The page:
DANIELSON — Over two days, State Senator Mae Flexer (D-Danielson) brought together dozens of community stakeholders from different towns within northeastern Connecticut to discuss the state’s newest legislation, aimed at amplifying existing assets to kick-start new business development and build a 21st century economy.
The workshops held in Windham and Killingly were an extension of a summit in April at Quinebaug Valley Community College in Danielson, convened by Senator Flexer.
“It was extremely important to me that we have that initial conversation while the legislation was being written, so that I could make sure it was written in a way that would benefit northeastern Connecticut. We are rethinking the way we invest in businesses and development, because throwing millions and millions of dollars at a single company to keep 100 employees is not what I would consider the best use of our resources,” said Sen. Flexer. “These workshops are critical to making sure our region can be competitive in getting funding to establish and support an ‘innovation economy’ that combines all our region’s assets – from existing businesses and companies, to the college and universities – to grow business and create good paying jobs, right here where we live.”
Senator Flexer authored Senate Bill 1, which became law as part of Public Act 16-3, with her senate colleagues. This critical legislation creates a new initiative for Connecticut “Innovation Places,” concentrated areas where entrepreneurs and innovators have easy access to tech talent, support organizations and research institutions. These dense areas are intended to be highly walkable, transit-connected, and mixed-use in zoning to facilitate interactions among entrepreneurs and innovators across different organizations, and to be conducive to the creation of startup companies. This environment is intended to be attractive not only for entrepreneurs to work in, but also to live in and for recreation, to help the community retain the most in-demand workers.
Communities interested in establishing an Innovation Place are eligible for a state grant to help them conduct a strategic planning process to identify local conditions and build a master plan that identifies the resources and assets in each community (like a hospital, a university, a research firm, or a manufacturer) to create exciting new business opportunities. The program was designed to be publicly supported and privately led, with communities leveraging public funding to generate a larger amount of private investment and business growth.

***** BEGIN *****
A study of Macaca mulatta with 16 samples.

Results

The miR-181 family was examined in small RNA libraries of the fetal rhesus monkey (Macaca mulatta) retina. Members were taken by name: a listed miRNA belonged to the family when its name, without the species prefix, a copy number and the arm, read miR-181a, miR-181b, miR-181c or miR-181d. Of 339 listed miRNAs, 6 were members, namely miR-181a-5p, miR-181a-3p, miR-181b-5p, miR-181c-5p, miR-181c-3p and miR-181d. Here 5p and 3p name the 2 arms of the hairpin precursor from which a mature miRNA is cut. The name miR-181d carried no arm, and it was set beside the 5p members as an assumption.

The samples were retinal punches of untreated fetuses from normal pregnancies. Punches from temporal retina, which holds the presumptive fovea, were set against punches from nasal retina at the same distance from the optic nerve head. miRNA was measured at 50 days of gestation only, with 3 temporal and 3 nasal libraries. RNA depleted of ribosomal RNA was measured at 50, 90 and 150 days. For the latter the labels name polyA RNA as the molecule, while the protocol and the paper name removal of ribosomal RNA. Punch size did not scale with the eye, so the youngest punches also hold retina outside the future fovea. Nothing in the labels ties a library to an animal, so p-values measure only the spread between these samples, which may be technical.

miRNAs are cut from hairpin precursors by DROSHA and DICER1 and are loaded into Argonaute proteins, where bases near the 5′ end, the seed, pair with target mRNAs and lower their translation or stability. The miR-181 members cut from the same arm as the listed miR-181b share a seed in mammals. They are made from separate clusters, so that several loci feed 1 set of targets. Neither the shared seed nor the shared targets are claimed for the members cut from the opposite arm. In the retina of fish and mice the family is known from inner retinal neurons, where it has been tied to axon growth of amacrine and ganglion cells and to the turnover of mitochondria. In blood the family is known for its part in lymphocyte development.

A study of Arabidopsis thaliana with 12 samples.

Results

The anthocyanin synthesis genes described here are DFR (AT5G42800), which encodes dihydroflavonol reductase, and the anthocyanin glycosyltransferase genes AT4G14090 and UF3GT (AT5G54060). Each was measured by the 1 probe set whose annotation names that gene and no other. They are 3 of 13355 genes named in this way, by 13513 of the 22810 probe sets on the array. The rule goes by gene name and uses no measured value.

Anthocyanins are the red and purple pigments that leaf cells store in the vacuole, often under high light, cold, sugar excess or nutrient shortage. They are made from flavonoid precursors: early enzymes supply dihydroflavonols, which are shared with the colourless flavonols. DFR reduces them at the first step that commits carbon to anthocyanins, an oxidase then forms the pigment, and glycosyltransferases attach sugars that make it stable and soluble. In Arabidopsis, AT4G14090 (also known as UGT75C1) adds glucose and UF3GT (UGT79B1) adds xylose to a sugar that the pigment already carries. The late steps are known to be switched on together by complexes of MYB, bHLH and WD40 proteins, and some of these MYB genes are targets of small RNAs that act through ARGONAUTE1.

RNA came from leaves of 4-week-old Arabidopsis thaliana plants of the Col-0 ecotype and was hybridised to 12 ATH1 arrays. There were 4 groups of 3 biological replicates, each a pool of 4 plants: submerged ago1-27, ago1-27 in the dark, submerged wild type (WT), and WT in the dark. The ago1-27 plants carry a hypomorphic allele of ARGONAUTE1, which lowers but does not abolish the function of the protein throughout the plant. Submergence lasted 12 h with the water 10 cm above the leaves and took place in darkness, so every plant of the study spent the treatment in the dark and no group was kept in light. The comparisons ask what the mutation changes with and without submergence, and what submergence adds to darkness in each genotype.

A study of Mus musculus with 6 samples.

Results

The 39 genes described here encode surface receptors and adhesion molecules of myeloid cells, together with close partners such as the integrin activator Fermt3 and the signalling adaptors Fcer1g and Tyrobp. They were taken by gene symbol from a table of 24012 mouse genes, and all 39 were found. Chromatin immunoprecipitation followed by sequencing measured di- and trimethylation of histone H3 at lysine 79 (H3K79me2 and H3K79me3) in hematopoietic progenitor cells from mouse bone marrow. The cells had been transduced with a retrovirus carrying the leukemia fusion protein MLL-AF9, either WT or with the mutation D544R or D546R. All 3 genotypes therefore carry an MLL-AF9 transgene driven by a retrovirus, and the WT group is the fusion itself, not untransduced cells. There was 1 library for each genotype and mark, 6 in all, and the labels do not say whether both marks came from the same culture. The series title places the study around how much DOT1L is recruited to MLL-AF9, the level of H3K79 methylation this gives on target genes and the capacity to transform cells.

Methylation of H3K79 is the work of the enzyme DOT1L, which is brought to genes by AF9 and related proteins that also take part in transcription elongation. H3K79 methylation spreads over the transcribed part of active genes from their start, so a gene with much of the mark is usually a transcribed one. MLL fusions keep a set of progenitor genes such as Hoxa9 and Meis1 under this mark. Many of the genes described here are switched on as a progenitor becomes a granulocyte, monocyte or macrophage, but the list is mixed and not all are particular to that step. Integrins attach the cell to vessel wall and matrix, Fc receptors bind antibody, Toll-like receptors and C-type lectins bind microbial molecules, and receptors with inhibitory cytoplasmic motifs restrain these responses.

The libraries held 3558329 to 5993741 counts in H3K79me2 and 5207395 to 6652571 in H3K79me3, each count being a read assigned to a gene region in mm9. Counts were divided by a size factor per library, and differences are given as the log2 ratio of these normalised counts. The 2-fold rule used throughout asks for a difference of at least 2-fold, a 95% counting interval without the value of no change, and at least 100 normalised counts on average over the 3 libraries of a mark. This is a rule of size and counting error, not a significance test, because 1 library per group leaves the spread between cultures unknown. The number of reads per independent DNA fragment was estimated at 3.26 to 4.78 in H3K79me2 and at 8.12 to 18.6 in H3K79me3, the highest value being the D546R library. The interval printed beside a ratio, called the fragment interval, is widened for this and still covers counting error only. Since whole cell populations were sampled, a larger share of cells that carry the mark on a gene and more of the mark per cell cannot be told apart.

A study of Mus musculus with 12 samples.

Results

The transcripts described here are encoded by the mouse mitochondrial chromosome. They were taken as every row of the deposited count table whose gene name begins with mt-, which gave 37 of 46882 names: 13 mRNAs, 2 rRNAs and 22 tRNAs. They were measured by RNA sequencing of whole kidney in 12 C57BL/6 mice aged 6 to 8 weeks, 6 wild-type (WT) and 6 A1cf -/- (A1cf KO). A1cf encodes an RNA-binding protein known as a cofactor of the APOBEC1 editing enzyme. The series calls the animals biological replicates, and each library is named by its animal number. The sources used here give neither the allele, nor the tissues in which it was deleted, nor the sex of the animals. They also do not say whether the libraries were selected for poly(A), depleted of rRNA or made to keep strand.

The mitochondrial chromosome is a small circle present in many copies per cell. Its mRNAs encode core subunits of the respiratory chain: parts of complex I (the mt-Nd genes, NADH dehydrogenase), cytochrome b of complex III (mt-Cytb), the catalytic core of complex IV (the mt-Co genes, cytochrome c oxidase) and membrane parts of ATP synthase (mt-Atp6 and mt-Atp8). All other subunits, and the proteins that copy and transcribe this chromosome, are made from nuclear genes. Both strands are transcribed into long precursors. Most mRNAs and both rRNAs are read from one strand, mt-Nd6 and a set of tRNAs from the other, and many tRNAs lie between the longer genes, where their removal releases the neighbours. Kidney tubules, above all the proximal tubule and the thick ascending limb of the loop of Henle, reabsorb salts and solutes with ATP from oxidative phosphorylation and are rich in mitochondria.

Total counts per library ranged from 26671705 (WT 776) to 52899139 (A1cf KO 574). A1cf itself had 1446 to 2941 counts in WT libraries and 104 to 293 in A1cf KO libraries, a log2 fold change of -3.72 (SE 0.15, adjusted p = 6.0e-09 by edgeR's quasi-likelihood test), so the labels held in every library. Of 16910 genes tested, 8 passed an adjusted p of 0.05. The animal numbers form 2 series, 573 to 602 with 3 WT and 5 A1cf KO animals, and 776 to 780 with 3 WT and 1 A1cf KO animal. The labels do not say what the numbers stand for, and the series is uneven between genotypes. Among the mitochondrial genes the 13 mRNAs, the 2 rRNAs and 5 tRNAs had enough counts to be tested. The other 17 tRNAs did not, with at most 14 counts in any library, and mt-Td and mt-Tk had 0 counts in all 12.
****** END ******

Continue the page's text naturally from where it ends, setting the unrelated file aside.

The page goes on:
“I am grateful to Senator Flexer for reaching out to our communities knowing that there was a better way to ‘do business.’ UConn has the development, the faculty and the human resources that will allow us to bring those startups and incubator businesses to our industrial parks, technology parks, downtowns and renovated mills. Economic development has no borders. We cannot think in boundary lines for communities. We all must have a community, state, national and global mentality – and only then will we be able to bring our human resources and financial resources to the state of Connecticut and our local towns,” said Delpha Very, the Town of Putnam’s Economic and Community Development director, who has been extremely active in the regional conversations. “This was a perfect opportunity for northeastern Connecticut’s leadership to participate in a discussion regarding what we know as the best way to move economic development forward. We are truly blessed with an entrepreneurial and innovative spirit, so this opportunity for Innovations Place planning will move us one step forward to success. We have the perfect infrastructure for quality of life, we have business people who have built successful companies on a skillset and vision, and to put all of this energy together in one place would drive economic development and urban renewal in new and creative way.”
The working groups will continue to meet over the next few weeks to identify a strategy and key assets that would be included in an application to CTNext.
Should this plan be approved, the community can receive additional state grants that will help develop business incubators, expanded technology infrastructure, and more.